Exclusive: Media audits arrive in U.S.


Billetts, a U.K. company that positions itself as a third-party watchdog that ensures advertisers' money is well spent, is now setting up Media Performance Monitor America in New York. Billetts is already a major player on the U.K. media scene, assessing over $1.7 billion of ad spending every year and representing 39% of the U.K.'s top 250 marketers.

Independent media analyst Erwin Ephron, a noted media-measurement advocate and fixture in the industry, will assume a position as director of the new company along with Neil Klar, who is president of SQAD, a media data company in Tarrytown, New York. SQAD offices will serve as home base for MPMA. P.J. Leary, a founding partner of the Bouchez Kent communications consultancy, has been named chief operating officer.

According to Mr. Leary, MPMA has already signed up six advertisers. He would not name them, but described them as an automaker, a financial institution, a leading entertainment corporation, a consumer electronics group, and two leading consumer goods manufacturers.

MPMA is determined to position itself as a "continuous performance monitor" rather than an auditing company. "None of us likes to be audited," Mr. Klar said. "We are looking to get away from doing it in that way, which is why we focus on media improvement and performance."

a process

"Media and advertising in general is a process, not an event, and auditing is based on events," Mr. Ephron said. "So the only way you can really track it properly is as a process. The model is like process sampling, which manufacturers are used to. It's the equivalent of Chevrolet making sure the doors fit before stamping out 250,000 cars."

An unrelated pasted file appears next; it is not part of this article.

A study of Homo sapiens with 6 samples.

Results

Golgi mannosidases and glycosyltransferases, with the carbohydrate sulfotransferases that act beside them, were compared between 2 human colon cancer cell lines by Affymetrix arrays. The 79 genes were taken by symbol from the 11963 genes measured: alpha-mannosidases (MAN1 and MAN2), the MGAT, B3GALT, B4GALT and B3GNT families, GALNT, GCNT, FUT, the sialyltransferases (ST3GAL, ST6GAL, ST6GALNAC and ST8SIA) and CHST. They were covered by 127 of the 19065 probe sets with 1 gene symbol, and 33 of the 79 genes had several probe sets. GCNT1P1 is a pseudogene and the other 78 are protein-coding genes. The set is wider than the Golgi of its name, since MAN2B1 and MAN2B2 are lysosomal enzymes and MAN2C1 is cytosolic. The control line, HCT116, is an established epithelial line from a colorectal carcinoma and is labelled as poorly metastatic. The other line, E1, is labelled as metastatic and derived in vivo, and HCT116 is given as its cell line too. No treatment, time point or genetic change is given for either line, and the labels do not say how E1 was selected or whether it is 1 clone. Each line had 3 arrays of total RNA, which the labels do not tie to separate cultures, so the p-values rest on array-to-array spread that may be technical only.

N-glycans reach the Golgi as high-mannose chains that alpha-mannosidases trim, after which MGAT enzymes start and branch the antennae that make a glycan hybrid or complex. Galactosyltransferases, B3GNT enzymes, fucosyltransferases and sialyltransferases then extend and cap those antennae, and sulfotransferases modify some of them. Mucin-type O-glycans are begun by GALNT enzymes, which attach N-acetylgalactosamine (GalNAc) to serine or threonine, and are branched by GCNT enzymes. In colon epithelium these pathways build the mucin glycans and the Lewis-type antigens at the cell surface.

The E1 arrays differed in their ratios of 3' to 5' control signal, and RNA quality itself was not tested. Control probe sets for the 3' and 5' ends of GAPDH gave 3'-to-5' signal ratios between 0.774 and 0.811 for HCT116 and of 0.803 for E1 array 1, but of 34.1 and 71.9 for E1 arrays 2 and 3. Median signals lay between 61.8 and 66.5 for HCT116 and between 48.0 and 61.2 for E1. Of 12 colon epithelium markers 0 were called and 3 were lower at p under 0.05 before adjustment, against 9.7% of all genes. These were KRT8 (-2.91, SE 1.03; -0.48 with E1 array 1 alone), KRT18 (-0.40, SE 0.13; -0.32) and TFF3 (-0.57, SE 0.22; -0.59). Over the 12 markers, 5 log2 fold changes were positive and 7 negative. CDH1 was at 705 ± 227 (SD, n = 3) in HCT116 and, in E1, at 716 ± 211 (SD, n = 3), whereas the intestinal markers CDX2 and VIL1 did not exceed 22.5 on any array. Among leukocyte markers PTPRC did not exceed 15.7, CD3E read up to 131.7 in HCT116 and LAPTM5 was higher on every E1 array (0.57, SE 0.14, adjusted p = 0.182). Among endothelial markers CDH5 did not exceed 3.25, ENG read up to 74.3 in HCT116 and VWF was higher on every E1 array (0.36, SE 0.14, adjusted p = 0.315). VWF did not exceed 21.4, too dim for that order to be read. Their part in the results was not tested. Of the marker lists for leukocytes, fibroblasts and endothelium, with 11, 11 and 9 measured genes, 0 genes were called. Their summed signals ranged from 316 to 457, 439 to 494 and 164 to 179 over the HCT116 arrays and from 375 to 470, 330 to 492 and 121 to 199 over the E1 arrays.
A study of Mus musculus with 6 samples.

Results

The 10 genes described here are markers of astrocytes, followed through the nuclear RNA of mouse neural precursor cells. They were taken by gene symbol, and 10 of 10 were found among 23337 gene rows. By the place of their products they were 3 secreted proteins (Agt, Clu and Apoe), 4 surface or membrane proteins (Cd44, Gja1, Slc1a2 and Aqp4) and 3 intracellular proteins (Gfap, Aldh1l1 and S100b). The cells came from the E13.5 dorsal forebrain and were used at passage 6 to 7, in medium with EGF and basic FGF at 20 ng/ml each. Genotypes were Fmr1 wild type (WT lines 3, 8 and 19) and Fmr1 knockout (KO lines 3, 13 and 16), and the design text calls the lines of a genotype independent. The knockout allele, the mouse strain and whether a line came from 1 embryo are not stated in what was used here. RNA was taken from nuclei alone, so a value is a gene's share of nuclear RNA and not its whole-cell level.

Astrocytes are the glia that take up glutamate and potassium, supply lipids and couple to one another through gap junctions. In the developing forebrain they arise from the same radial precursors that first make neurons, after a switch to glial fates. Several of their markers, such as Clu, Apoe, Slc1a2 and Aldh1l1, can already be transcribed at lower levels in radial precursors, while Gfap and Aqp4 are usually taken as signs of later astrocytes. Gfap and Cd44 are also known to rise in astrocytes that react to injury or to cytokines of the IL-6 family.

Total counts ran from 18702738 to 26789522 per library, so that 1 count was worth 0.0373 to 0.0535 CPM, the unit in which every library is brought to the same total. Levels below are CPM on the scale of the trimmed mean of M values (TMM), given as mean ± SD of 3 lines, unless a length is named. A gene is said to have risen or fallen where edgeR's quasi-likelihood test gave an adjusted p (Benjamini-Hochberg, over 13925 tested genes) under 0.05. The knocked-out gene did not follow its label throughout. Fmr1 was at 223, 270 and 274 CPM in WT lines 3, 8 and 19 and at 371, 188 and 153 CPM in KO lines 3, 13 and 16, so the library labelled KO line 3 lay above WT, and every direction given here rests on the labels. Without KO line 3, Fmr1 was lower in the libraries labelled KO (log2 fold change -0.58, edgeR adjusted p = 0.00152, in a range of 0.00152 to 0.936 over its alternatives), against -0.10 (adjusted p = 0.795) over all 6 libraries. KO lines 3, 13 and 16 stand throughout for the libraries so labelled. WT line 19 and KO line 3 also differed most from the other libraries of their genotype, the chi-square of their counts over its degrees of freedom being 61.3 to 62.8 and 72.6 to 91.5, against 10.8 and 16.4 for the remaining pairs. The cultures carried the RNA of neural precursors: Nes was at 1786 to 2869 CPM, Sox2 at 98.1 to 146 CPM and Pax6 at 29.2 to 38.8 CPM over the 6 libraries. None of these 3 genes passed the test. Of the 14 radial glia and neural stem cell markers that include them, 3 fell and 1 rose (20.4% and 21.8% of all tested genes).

MPMA claims that it can track the performance of an advertiser's dollar investment in media and will oversee the quality of executions. The service will monitor cost-per-thousands, scheduling, program quality, commercial positions and other metrics.

The service will tap into SQAD's database of spot unit prices and CPMs compiled by agencies that subscribe to the 20-year-old service. SQAD also has a new network TV database that differentiates between upfront prices and scatter, and requires subscribers put information into it in order to get information out.

ask for impossible?

"We are behind Europe on this," Mr. Leary said. "More clients here are asking for the service. The scandals in corporate accounting in this country and the massive amounts of money spent in television, are prompting clients to say we need a third-party perspective on this."

Media agency executives contacted by Ad Age welcome the arrival of Billetts, but are skeptical. They say another auditing firm means clients will have to spend more on yet another service. Also, they say continuous audits will eat up agency manpower.

"There is certain amount of additional work required from the agency," said Mark Stewart exec VP-chief strategy officer Interpublic Group of Cos.' Universal McCann.

Media executives are generally suspicious that Billetts and other auditors will ask for the impossible, such as "a premium mix of media and a rock bottom price," said one executive, "which is impossible."

"One of the reasons why this kind of monitoring process is important is because television is Dodge City," Mr. Ephron said, who has an investment in the new company and will be paid as a consultant. "If you can spend $9 billion in five weeks, that is quite a process. You shoot first and count the bodies later."